CBF and others are suing the EPA. I guess that these environmentalist are not "of the same confined ilk." Many of the so-called "governments" that you list are not actual entities that can be sued (e.g.- no such thing as the government of Severna Park). Many wastewater treatment facilities are privately owned. Many, many others are individually owned septic systems; these systems add a very large percentage of the nitrogen pollution in some areas of the Bay (such systems do nothing to stop nitrogen pollution and their effluent forms the majority of the base flow for streams in some watersheds). Here's another reality check: Exxon Valdeze-size fines are all well and good....so long as you, the taxapayer, are willing to pony up 3, 4 or 5x your current tax contribution to pay off the judgment. Unlike the feds, local governments can't simply print money to solve problems. They need you, the taxpayer, to fund them. The simple math, even after talking about "cutting waste" in government spending, is that the money is not there....not nearly.It is just amazing to me that people still think that the Bay's problems can be addressed by targeting only the farmers, corporations and landowners (septics) when the real polluter is the government itself. How about suing Annapolis, Severna Park, Baltimore and all the cities and towns in the watershed when their pipes break dumping millions of gallons of raw sewage into the Bay. Or, how about an Exxon Valdez size penalty against any local government for antiquated or inefficient sewage treatment plants. How about gettng the US Governement waste cleaned out of the Bay. A few big settlements against say, Baltimore City, forcing higher taxes and bad publicity, will greatly impact the Bay's water quality.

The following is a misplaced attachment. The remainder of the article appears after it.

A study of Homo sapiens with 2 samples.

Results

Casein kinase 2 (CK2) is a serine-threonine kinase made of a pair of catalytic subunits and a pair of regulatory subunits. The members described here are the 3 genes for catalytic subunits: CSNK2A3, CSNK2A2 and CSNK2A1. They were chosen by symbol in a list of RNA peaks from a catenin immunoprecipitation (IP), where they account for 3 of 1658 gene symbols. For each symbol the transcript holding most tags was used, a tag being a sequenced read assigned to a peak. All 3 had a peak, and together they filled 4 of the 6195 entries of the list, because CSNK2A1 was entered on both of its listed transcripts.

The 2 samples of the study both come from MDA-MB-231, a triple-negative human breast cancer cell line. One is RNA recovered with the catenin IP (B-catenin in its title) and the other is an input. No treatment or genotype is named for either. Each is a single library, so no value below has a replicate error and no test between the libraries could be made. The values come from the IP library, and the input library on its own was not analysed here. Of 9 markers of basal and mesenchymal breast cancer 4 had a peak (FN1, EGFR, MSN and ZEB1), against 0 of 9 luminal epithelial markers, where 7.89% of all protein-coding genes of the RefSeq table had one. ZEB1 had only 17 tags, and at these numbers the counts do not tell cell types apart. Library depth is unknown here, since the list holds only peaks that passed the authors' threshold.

Why is this all ignored? Simple, environmental groups believe that government is the solution to the problem not the cause. Many of them survive on government funding and will not act to address the real cause of the Bay's problems. Clean up the Bay and they put themselves out of business. So, the paper has it right... money and time does not equal improvement to the Bay.
Solution: Encourage the environmental groups to expand their leadership to include qualified people of other political ideologies and attack the root cause of the Bay's problem with a unbiased vengence.
Conclusion: The current environmentalists are all of the same confined ilk, clearly making them impotent in ever improving the Chesapeake Bay.
Sorry, just a reality check for the readers.